Thursday, December 8, 2016

White-tailed Deer, on a tear

Not far from me is a wonderful metropark known as Glacier Ridge. For years, I rarely went there - maybe a stop once or twice a year. As I've become more acquainted with the place's little wildlife honey holes, I've been going more regularly, though.

Such was the case yesterday morning. I only had the morning to go shooting (with camera), so after a thorough shoot of some nearby waterfalls, it was off to Glacier Ridge. There is a field at the park's north end that is usually full of bluebirds and other songbirds, and the light is great in the early hours.

Not this day, though. The meadow was largely silent, and I thought about just packing it in. But I wanted to stay out a bit longer, so I slung the camera rig over my shoulder and struck out on a well-used deer trail. Before long, I flushed a gorgeous Coyote with lots of rufous highlights. The wary animal spotted me long before I was in camera range, and trotted out of the meadow into a vast recently mowed field. The beast casually trotted across the field, occasionally stopping to stare back at me.

This gave me hope that a White-tailed Deer might do the same. The chances were decent that I would flush one off its bed in thick cover, and if it followed the Coyote's lead and ran into the mowed field, I might be able to snag some action shots.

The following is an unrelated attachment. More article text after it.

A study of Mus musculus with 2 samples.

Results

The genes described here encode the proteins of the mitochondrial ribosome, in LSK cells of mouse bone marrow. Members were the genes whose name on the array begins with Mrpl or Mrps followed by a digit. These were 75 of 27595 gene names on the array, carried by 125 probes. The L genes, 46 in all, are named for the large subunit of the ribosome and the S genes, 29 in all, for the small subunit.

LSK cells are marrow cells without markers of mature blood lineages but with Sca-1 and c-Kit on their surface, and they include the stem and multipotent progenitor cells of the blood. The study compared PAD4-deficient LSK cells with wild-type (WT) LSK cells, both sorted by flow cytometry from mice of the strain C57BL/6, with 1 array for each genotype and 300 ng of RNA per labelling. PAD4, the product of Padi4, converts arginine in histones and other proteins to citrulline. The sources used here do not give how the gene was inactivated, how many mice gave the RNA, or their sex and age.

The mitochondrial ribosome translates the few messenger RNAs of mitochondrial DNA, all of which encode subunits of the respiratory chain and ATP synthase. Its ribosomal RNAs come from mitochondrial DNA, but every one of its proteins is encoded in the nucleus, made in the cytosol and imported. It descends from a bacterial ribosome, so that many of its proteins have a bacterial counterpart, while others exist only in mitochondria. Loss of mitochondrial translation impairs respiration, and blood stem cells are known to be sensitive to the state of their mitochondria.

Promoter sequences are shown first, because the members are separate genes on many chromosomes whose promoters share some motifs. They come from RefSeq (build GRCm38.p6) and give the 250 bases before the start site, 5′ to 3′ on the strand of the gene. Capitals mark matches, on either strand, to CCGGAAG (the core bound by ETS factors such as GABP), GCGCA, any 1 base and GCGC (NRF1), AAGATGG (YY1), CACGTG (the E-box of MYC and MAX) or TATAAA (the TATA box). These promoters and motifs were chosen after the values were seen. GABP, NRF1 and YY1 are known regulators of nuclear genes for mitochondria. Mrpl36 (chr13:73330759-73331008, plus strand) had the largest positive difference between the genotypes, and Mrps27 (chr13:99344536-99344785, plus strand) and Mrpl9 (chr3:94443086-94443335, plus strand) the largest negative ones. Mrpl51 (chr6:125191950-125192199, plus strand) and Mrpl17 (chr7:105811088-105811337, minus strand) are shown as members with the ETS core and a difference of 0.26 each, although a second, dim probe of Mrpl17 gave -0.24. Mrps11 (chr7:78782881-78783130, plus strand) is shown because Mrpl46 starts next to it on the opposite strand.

Shortly thereafter, I heard a rustle and looked ahead to see a large doe looking around warily in dense cover. She'd picked up on me, but hadn't yet spotted me. A few seconds later she did, and bolted for the open field. Unfortunately, there was tall vegetation between her and I, but it didn't take long to get into a semi-clear spot and drop the tripod.

Here, she shows her conspicuous white "flag tail"; the earmark of an alarmed deer at speed. We can also see her cleft hooves - a character of an ungulate (the "hooves" are really thickened keratin-based toe tips).

After her initial romp, she paused briefly to stare at me. Then, as if realizing how exposed she was, she really put on the speed and galloped towards a distant woods. White-tails at full whirl are impressive indeed. She punctuated her galloping with enormous, almost playful skyward leaps that were beyond impressive. In this shot, she is five or six feet off the ground.

In moments, she had reached distant cover and vanished. And I was quite glad that I decided to follow that deer trail.